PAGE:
Wells Fargo and the NAACP have agreed to work together on ways to improve fair credit access, homeownership, and financial literacy for communities of color and other historically disadvantaged communities, the two said in a joint statement.
Over the past three years, the civil rights organization has filed lawsuits against more than 12 large financial institutions, — including HSBC Bank USA, Bear Stearns Residential Mortgage Corp., Chase Bank USA, Citimortgage, and GMAC Mortgage Group L.L.C. — alleging violations of the Fair Housing and Equal Credit Opportunity Acts and racial discrimination.
“We brought these lawsuits against lenders to change and stop patterns of racial discrimination and other mortgage lending behaviors that have shattered American lives, families, and neighborhoods,” said NAACP President and CEO Benjamin Todd Jealous.
The lawsuit, which was filed in March 2009 and also included HSBC Bank USA, had claimed that black borrowers at Wells Fargo were more than 30% more likely to be issued a higher rate mortgage than white applicants with the same qualifications.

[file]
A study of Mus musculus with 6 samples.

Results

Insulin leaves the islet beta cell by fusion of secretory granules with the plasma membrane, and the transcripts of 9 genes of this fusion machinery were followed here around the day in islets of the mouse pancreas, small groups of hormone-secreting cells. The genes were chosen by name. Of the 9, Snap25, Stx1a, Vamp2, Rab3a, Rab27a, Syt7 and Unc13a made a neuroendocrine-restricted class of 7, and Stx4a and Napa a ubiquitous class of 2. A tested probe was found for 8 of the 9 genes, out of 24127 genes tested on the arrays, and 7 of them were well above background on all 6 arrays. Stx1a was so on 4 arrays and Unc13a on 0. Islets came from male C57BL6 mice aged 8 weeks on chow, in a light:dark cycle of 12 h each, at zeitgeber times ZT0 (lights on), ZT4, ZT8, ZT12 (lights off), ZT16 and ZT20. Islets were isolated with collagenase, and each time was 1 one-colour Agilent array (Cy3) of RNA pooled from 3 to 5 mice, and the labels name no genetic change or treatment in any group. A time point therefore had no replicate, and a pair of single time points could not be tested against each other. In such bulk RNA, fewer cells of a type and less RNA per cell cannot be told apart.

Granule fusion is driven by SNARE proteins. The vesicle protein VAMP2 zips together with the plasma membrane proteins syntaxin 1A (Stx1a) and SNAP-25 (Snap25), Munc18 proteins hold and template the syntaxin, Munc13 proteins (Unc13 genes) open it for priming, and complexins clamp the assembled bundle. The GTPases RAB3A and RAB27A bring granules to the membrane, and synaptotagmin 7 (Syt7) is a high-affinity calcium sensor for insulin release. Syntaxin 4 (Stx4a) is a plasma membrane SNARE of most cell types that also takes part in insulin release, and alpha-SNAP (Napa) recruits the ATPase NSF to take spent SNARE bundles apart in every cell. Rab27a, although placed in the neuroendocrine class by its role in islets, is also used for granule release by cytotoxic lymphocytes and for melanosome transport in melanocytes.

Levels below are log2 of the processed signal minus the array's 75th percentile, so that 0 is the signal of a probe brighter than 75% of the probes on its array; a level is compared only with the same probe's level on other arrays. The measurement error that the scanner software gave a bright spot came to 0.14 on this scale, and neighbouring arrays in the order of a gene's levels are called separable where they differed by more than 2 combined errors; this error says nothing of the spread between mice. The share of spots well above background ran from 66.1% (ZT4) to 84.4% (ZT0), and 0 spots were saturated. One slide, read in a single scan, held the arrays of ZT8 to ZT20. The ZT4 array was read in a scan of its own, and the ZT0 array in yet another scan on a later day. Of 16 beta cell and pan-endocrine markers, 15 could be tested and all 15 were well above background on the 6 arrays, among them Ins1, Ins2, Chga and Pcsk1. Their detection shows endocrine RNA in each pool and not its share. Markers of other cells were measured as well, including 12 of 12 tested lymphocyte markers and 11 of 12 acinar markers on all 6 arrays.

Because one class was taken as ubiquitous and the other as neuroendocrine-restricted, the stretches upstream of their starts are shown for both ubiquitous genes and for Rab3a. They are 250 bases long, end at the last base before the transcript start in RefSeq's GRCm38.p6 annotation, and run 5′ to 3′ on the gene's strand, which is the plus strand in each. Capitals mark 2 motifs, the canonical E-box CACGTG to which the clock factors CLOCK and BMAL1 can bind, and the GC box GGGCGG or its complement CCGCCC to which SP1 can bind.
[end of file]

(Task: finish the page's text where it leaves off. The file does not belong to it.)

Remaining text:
At the time, Wells Fargo said the “allegations are totally unfounded and reckless.”
The NAACP will now be able to review Wells Fargo’s data on lending practices and to make recommendations to improve credit availability to African Americans, businesses, and consumers.
Wells Fargo has now endorsed the NAACP’s banking and lending principles, “which advance practices that ensure all borrowers get the highest quality credit vehicle appropriate for their circumstances and that guard against racial discrimination in lending,” according to their joint press release.
The bank, which is the fourth-largest in the U.S. in terms of deposits, said the agreement is “the next constructive step forward in realizing our vision of helping all of our customers to further business ownership and promote financial empowerment.”
However, the bank still faces criticism from the National People’s Action, which claims that Wells Fargo contributed to the current economic and foreclosure crisis because it issued $27 billion in subprime loans in 2006 alone.